The standing debate between red and white meat has been, for quite some time, in favor of white meat. Indeed, it has long been thought that white meat—essentially, poultry—is better for you than red meat (essentially, beef). A new study, however, argues that pretty much all forms of meat have the potential to increase cholesterol when compared against plant-based proteins.
Specifically, the studied compared red meat, white poultry, and plant-based proteins to argue that both types of animal proteins increase the risk because they are significantly higher in saturated fat than plant proteins. And it is saturated fat that should concern us in regards to cholesterol and heart health.
This is important, of course, because it is quite well-known that saturated fats (which are characteristically native to animal proteins and include things like butter, beef fat, and poultry skin) increase the concentration of LDL cholesterol in your blood. This is the waxy “bad” cholesterol that can build up in your arteries over time and can eventually lead to heart attack and stroke.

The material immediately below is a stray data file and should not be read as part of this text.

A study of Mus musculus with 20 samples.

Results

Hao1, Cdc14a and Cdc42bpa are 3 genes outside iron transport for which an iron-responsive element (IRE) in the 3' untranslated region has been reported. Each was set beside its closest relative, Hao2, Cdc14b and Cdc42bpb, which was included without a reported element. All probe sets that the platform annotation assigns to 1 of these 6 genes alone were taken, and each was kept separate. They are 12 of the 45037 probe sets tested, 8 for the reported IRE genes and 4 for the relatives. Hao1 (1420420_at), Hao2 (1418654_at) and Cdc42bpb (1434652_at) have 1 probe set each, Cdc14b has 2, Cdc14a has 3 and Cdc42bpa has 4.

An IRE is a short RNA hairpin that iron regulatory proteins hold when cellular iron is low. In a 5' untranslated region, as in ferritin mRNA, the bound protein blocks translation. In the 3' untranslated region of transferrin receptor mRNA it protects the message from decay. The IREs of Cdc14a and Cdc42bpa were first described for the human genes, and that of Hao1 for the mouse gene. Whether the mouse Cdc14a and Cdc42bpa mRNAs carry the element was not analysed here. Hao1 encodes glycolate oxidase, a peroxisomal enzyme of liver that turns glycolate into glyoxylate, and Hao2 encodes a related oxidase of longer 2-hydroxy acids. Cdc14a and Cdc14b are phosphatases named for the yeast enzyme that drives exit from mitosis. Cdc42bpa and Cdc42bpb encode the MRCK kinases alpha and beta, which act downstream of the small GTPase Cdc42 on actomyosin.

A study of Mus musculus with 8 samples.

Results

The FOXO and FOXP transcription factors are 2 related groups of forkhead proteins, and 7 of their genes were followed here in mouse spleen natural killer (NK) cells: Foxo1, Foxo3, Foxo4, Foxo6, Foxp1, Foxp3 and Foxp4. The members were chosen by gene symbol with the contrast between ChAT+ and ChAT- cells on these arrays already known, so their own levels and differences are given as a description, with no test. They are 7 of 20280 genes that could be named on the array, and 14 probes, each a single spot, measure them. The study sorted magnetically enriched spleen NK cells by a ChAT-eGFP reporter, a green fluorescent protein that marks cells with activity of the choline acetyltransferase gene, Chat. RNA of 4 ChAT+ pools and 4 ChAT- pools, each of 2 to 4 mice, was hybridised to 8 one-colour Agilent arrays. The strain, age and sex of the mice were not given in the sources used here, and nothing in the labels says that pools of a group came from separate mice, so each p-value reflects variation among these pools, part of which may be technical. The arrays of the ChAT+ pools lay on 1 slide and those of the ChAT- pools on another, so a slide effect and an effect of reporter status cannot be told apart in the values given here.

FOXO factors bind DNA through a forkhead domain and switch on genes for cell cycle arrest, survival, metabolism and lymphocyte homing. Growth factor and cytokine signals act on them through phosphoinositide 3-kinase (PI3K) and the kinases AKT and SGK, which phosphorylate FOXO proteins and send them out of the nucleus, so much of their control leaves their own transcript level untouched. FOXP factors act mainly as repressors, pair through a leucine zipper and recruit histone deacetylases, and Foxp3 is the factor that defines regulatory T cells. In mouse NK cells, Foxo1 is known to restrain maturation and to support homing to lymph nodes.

While all of this information has been understand for a long time, the idea that red meat is significantly higher in in saturated fat than white meat has never been tested. As such, the researchers assembled more than 100 healthy men and women between the ages of 21 and 65. Each person was randomly assigned either a high saturated fat diet or a low saturated fat diet.
Study participants abstained from alcohol for the duration of the study, which cycled them through three test diets: red meat, white meat, and no meat. The main source of red meat was beef and the main source of white meat was chicken. Each person provided blood samples at the conclusion of each test cycle. As expected, plant proteins proved the healthiest, but the surprise came when it was found that the red and white meat diets resulted in identical cholesterol levels when the saturated fat level intake was equivalent.
With all that in mind, there is still some evidence that white meat may be better for your heart than red meat, overall. This aspect of the discussion takes into consideration that other factors likely contribute to cardiovascular disease, according to researchers at the University of California, San Francisco.
This study has been published in the American Journal of Clinical Nutrition.